Boston and Other “Digital Cities” Visit Internet Week New York
A bit of friendly rivalry is healthy for cities with growing technology ecosystems, but sometimes they set aside the hype and find ways to collaborate. At the onset of this week’s Internet Week New York citywide festivities, representatives from 11 cities from the U.S. and beyond spoke about how their administrations are leverage technology to modernize their cities.
Rachel Sterne Haot, chief digital officer in Mayor Michael Bloomberg’s administration, introduced representatives who traveled from as far as Beijing, Tokyo, and Rio de Janeiro to share their stories on stage at Internet Week NY. She pointed out that New York had developed a map that shows the more than 2,000 tech companies across the city, which can be found at WeAreMadeinNY.com along with other information about the local innovation community.
Boston’s Nigel Jacob, co-chair of New Urban Mechanics, came out as well to talk about how his city is putting technology to work, literally, in the streets. A mobile app called Street Bump, he says, is in the works to alert the city to roads that need repairs. Street Bump is expected to have its public launch by the end of summer, he says. New Urban Mechanics looks for ways to marry technology with civic needs on behalf of Boston Mayor Thomas Menino’s administration.
After addressing the Internet Week NY audience at the Metropolitan Pavilion, Jacob spoke to me about ways the city is working even more with innovators. In addition to putting public data in tech companies’ hands to create apps that improve city life, he sees more cities interested in working with startups and researchers to make the barriers between public and private institutions more porous.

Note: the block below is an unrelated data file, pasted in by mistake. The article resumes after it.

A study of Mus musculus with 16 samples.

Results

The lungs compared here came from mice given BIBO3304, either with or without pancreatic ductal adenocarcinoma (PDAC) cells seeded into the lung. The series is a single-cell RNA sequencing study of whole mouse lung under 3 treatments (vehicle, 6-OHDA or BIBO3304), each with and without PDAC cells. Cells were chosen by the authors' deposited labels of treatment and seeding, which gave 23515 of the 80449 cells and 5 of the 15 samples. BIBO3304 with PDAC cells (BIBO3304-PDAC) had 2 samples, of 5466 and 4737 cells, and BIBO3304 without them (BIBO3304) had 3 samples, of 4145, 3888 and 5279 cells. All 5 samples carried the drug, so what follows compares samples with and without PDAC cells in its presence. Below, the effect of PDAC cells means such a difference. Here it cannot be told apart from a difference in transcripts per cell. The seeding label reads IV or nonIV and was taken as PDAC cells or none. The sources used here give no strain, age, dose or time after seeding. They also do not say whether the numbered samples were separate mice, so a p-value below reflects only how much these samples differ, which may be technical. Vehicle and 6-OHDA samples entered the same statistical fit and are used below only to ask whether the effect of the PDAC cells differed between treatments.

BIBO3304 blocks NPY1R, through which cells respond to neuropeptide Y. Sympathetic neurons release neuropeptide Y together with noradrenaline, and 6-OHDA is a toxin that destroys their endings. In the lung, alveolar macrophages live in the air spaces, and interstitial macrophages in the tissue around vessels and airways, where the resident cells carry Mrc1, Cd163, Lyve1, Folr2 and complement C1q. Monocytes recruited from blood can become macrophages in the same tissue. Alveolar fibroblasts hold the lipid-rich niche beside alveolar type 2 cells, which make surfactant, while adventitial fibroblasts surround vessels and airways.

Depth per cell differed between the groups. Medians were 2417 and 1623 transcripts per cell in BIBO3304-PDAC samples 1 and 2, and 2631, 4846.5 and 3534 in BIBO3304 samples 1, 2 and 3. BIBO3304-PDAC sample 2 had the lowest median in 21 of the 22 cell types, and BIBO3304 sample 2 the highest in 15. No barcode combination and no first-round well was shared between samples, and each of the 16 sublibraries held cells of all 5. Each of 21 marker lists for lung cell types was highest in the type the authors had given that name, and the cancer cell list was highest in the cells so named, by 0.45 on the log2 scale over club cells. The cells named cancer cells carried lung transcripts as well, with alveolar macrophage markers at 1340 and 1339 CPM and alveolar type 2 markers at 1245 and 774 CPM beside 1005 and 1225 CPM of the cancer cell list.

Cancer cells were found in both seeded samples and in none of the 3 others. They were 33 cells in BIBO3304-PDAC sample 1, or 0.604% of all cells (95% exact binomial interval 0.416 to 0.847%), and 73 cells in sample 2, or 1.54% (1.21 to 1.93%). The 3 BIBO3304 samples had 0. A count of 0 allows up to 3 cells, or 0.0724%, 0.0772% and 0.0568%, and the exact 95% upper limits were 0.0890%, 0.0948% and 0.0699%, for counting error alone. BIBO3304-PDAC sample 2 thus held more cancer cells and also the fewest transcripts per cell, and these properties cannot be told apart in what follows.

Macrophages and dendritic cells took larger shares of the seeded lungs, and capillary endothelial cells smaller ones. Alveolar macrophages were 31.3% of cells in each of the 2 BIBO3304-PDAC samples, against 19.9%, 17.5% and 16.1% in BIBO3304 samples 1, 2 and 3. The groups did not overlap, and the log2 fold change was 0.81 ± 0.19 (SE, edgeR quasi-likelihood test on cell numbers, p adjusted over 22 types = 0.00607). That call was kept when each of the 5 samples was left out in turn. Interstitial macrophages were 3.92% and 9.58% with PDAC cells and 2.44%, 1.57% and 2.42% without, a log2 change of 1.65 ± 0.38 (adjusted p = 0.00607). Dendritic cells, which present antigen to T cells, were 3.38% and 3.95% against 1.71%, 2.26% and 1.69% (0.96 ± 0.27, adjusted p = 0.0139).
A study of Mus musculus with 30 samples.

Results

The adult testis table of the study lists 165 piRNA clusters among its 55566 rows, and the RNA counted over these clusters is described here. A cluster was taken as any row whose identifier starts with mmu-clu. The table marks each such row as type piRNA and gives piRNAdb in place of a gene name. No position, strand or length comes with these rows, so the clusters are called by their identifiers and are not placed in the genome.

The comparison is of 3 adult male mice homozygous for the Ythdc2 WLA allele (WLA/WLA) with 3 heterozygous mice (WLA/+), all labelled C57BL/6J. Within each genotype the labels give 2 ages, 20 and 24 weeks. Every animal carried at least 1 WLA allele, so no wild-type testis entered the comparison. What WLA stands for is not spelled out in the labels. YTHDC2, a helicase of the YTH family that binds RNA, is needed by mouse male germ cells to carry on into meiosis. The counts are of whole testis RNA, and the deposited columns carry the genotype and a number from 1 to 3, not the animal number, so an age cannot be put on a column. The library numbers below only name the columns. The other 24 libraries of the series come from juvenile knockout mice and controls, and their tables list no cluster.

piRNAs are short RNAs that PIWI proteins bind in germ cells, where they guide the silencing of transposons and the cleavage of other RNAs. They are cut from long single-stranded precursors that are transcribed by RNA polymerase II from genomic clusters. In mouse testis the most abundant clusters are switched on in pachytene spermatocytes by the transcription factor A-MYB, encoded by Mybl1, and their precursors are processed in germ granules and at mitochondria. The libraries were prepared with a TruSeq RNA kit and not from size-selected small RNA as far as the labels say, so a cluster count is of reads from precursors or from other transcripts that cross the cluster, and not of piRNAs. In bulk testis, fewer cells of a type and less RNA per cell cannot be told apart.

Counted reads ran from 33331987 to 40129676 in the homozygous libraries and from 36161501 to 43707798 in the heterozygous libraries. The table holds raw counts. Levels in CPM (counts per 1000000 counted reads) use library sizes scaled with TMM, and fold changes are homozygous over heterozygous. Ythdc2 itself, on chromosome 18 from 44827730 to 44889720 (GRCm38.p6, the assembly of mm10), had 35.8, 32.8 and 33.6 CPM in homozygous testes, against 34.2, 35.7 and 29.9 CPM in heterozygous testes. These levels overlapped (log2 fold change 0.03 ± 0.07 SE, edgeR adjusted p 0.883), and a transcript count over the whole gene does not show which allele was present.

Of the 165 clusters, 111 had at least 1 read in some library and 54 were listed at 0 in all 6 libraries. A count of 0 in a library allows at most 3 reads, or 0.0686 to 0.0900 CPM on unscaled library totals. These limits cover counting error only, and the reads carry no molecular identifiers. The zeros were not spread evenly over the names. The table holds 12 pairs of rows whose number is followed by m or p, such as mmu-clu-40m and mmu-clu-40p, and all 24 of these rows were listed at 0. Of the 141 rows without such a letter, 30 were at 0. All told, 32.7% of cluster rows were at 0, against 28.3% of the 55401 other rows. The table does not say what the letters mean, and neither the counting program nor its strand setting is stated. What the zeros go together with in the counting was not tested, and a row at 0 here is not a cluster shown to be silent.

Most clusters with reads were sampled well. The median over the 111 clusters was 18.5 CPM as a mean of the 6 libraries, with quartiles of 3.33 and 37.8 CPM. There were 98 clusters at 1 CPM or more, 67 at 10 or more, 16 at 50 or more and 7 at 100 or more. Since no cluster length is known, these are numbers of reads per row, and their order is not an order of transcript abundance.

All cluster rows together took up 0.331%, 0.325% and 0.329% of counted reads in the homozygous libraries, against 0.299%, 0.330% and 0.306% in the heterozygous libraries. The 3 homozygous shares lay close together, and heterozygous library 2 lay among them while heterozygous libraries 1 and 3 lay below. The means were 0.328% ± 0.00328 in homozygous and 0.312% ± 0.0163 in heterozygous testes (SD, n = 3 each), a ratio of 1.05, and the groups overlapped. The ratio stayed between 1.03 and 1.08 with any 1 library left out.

Boston also plans to launch a civic reputation API (application programming interface) system, Jacob says, called Street Cred. Many civic-oriented apps, he says, tend to be rather siloed, but Street Cred, which is expected to have its beta test in June, is aimed at being more pervasive. “We’re interested in finding ways to connect experiences so individuals and the community can get a sense of what people are doing and how any one particular behavior translates into broader impact,” he says.
Jacob also sees more openness among urban hubs where technology is blooming. “There is a whole new willingness for cities to talk directly to each other,” he says. Representatives from Chicago, Philadelphia, New York, and San Francisco—many of whom came to Internet Week NY—speak to each other every other week, he says, and discuss collaborative projects. “We’re doing one with New York on mining social media data for the public good,” Jacob says.
Other cities are also eager to make technology more accessible to their citizens—hoping it will nurture innovation. John Tolva, chief technology officer for Chicago, said his city wants to establish a high speed broadband network especially for those who cannot afford it on their own. “For a small business to have gigabit connectivity, it’s between $3,000 and $5,000 a month,” he said. Large businesses might be able to shoulder such a bill, Tolva said, but limited access to such systems can stymie entrepreneurs and startups with new ideas. “We won’t have the next generation of apps and businesses on very high-speed networks if we don’t bring that [cost] down,” he said. Part of Chicago’s plan includes using existing infrastructure such as dark fiber, rooftops, and light poles to build out the network, he said.
Haot put into perspective why it is important for tech hubs to find ways to share ideas as much as they compete. “The success of each individual city is dependent on all of our progress,” she said. “We’re an interconnected world enabled by the Internet.”